J.D. Foster J.D. Foster
Former Senior Vice President, Economic Policy Division, and Former Chief Economist
Katie Mahoney Katie Mahoney
Former Vice President, Health Policy, U.S. Chamber of Commerce


April 30, 2019


A popular new theme in American politics is the promise of “Medicare for All”, commonly designated as M4A. Exactly what this means precisely is still TBD as various proposals vie for the role of prototype. Placed in context, however, it’s hard to take these proposals seriously because M4A would build on a badly cracked foundation. Policymakers should fix the foundation first, before pondering additional risky reforms.

If the title is to be believed, the most bare-bones version of an M4A proposal would effectively allow every citizen to sign up for current Medicare, the financially creaky national health insurance program for America’s seniors. Some M4A proposals would instead devise a new national health insurance program, in effect a new Medicare, and force everyone including Medicare beneficiaries to join the new system.

Since M4A builds on Medicare, presumably Medicare today is in fine shape, right? No. As the Medicare Trustees’ recently released annual report reminds us, Medicare is already in deep trouble.

The Trustees provide a wealth of useful data, all dutifully caveated, but three points suffice to illustrate the plight in which past and present Congresses and administrations have left Medicare:

  • In 2018, Medicare added on net nearly $300 billion to the federal budget deficit through the subsidies paid to Medicare beneficiaries, subsidies that averaged about $5,000 for Medicare’s nearly 60 million beneficiaries.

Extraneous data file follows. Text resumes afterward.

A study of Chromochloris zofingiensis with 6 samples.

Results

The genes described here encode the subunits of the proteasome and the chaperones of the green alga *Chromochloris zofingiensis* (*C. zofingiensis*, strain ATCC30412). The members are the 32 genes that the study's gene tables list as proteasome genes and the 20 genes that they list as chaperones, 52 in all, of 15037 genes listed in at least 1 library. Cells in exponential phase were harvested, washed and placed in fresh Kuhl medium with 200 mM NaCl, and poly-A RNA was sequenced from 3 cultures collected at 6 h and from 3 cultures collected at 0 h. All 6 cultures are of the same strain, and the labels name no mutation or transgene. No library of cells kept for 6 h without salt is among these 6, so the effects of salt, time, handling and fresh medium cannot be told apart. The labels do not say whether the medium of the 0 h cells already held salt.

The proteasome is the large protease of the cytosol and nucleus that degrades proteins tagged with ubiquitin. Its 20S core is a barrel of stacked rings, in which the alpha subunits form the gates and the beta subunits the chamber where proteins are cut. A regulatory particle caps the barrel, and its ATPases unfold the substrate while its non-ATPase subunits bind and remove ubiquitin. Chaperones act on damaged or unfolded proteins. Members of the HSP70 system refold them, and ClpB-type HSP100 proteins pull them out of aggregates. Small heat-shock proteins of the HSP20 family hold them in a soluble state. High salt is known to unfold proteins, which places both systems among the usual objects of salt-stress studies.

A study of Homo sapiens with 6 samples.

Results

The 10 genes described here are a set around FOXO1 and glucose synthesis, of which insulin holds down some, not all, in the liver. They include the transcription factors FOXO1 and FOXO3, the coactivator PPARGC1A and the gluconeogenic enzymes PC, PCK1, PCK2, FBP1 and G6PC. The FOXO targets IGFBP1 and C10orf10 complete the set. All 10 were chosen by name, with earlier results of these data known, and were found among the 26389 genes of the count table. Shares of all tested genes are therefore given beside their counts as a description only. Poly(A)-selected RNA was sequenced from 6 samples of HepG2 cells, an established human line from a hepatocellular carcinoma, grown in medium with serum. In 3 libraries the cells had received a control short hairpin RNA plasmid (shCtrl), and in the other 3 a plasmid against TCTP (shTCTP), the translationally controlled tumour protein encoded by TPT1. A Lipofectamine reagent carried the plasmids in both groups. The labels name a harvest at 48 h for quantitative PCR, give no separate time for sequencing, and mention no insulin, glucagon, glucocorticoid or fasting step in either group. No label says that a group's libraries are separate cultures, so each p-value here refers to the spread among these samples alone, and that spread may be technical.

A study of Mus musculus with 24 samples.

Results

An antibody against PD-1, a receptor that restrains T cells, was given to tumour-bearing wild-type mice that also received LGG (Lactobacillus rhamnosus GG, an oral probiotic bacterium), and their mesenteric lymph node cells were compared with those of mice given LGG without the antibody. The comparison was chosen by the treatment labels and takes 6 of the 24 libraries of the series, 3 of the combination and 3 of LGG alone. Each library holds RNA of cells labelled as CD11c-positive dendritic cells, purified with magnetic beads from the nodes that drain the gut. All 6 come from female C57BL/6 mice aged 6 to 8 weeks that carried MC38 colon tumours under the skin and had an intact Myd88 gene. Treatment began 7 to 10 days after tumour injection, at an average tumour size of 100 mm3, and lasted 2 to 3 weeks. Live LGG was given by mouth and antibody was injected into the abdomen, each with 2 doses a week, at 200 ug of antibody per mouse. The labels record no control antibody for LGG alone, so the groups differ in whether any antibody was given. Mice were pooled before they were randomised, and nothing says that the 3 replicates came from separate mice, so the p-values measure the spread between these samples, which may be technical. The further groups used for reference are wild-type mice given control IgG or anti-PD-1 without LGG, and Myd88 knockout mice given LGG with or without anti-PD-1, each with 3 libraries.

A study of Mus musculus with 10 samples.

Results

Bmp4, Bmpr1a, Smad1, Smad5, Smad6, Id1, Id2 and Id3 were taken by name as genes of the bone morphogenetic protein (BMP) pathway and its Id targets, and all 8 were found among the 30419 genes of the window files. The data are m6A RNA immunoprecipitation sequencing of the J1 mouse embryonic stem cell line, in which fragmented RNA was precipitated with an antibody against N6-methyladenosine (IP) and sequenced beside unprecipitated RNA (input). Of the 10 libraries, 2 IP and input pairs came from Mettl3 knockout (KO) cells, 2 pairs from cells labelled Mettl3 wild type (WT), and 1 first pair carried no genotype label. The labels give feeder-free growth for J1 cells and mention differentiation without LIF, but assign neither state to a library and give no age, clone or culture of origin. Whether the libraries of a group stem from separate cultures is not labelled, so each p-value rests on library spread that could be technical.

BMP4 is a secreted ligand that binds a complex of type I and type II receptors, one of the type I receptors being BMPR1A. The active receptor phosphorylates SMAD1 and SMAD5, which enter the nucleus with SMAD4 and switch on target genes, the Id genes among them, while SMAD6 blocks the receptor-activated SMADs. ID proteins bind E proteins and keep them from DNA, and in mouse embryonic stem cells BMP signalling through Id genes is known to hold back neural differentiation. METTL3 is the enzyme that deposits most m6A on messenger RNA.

• Medicare’s Hospital Insurance Trust Fund is projected for exhaustion in 2026, just seven years hence.
  • Cumulatively, Medicare faces a 75-year unfunded obligation of $42.1 trillion.

Medicare’s dire financial straits are certainly not news. Trustees, think tanks, experts, and a few brave politicians have been discussing the declining state of Medicare for years. In contrast, Congress and past administrations have ignored the problem for years. The same holds for Social Security, incidentally.

M4A proponents seek to build on Medicare even though it is already adding to the deficit, a central component is going broke, and it is massively underfunded. Apparently following the “go big or go home” mantra, various estimates indicate M4A would increase federal spending between $28 and $32 trillion over the next decade, an amount roughly equal to current total mandatory spending, or about half again as much as the federal government is expected to collect in individual income tax revenues.

The current Medicare program is in terrible shape, yet some politicians want to expand it vastly. Another old expression says, “If it ain’t broke, don’t fix it,” to which the converse would be “If it’s already broke, don’t build on it.”

M4A proponents will undoubtedly assure us their reforms would not only expand Medicare, but return it to financial health. They can’t be serious. And they can’t seriously believe American voters are going to believe a vast expansion of Medicare will be financially prudent when the politicians are already unwilling or unable to ensure current Medicare is financially sound. Policymakers should get serious about fixing Medicare. Then we can and need to have a serious debate about further health care reforms.

About the authors

J.D. Foster

J.D. Foster

Dr. J.D. Foster is the former senior vice president, Economic Policy Division, and former chief economist at the U.S. Chamber of Commerce. He explores and explains developments in the U.S. and global economies.

Katie Mahoney

Katie Mahoney

Katie W. Mahoney is the former vice president of health policy at the U.S. Chamber of Commerce.